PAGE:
Best pet snakes
Gina Cioli/I-5 Studio
We often get questions about what is an ideal beginner-friendly snake for those new to the hobby. Beginner meaning fairly easy to care for with not a lot of requirements other than good husbandry and attention to detail. Of all the reptiles available in the hobby, snakes seem to be the most popular. Go to any reptile show, and the majority of the animals available are of the legless kind. Snakes can make great pets. They can be secretive or outgoing, depending on the individual snake and the species, and some of them are easy to care for. Here we present you five beginner friendly snakes, in no particular order, for those new to the hobby, or for those who wish to add a new animal to your collection that is fairly easy to keep.
5 Great Pet Snakes
- Corn Snake
- California Kingsnake
- Rosy Boa
- Gopher Snake
- Ball Python
Snake hatchlings can be started on pinkies.
Before the ball python captured the imagination of snake lovers, the corn snake (Pantherophis guttata) was the most popular pet snake available. Fairly docile, easy to handle and care for, what is not to like about this North American native? Corn snakes are still one of the most popular pet snakes because of their demeanor, availability, and their color combinations. They don’t grow too big, don’t need a big enclosure (I’ve had mine in a 20-gallon enclosure for 10 years), and if you wish to breed them, are very easy to breed.
gina cioli/I-5 Studio
Okeetee corn snake.
Corn snake hatchlings average around $25-40 depending on where you buy them and their color variation. Housing them is straightforward. My enclosure is a 20-gallon with a screened top, an under tank heat pad, a ceramic water bowl, two hides (paper towel roll and a commercial hide) and aspen substrate. No special lighting is required and when I feed them, I pull them out and place them in their own separate shoebox where they both get a frozen/thawed rat pup or F/T mice. They can live for a long time. Like I said, I’ve had mine for 10 years and they are still going strong.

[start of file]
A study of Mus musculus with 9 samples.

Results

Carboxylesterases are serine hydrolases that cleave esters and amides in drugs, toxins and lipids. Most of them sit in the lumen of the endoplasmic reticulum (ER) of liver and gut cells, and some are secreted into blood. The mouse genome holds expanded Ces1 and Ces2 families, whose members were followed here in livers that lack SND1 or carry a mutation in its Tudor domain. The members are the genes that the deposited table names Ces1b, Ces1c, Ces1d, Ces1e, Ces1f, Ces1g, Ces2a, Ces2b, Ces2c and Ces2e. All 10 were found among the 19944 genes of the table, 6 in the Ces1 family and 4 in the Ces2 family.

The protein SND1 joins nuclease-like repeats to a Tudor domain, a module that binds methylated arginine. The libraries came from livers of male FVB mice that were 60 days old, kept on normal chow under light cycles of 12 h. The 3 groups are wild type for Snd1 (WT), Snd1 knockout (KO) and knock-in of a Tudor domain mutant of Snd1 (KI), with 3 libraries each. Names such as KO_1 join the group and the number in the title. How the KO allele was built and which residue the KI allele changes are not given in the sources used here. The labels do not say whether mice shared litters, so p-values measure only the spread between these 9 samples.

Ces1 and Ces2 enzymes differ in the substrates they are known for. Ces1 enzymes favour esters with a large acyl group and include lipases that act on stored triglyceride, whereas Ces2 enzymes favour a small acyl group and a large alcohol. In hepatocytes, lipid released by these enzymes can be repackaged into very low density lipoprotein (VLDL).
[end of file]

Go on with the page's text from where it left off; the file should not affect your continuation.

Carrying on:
California kingsnakes (Lampropeltis getula californiae) are considered kings because of their capability to kill and eat rattlesnakes and other snakes. Here in Southern California, the California kingsnake is popular both in the trade and to observe in the wild. They are also super popular beginner snakes, though they can be a bit nippy if not handled often enough. In the wild, these snakes are fairly opportunistic feeders, eagerly hunting down and eating other snakes, including venomous snakes, small rodents, lizards, birds, and even bird eggs.
Kingsnakes don’t grow too large, averaging 3 to 4 feet in length.
Kingsnakes don’t grow too large, averaging 3 to 4 feet in length. You can house one in a 20-gallon enclosure with a screened top, a hide and suitable substrate. An under tank heater optimized for your tank size is necessary to help the snake thermoregulate and aid in digestion. The water bowl should be large enough for the snake to soak in, and heavy enough so the snake doesn’t tip it over. No special lighting is required to keep this species. Feed hatchling kingsnakes appropriately sized pinky mice (no wider than the girth of the snake) and as they grow, your feeders should grow with them (Pinkies, then fuzzies, hoppers, then small mice, and then adult mice, depending on how big the snake gets). Adult snakes can be fed frozen thawed mice or even frozen thawed rat pups. You can purchase a baby kingsnake for about $50 give or take, and that $50 can buy you anything from an aberrant black and white corn snake to a baby albino kingsnake (in the upper $50 range). Other than coloration, they are all Lampropeltis getula californiae.
The rosy boa (Lichanura trivirgata), though not as popular as the corn snake or the California kingsnake, is still a popular pet snake in the hobby. Fairly docile, the rosy boa doesn’t get too large, growing to about 4 feet in length when fully grown, though average sizes are 2 to 3 feet in length. The rosy boa can be purchased for around $30-40 as hatchlings at reptile shows, reptile stores, and on the Internet. They are not typically found in the big box retail pet stores, where you can readily find corn snakes and ball pythons. The rosy boa is a long lived snake, capable of living 25+ years or more. My best friend growing up had a rosy boa that lived 16 years.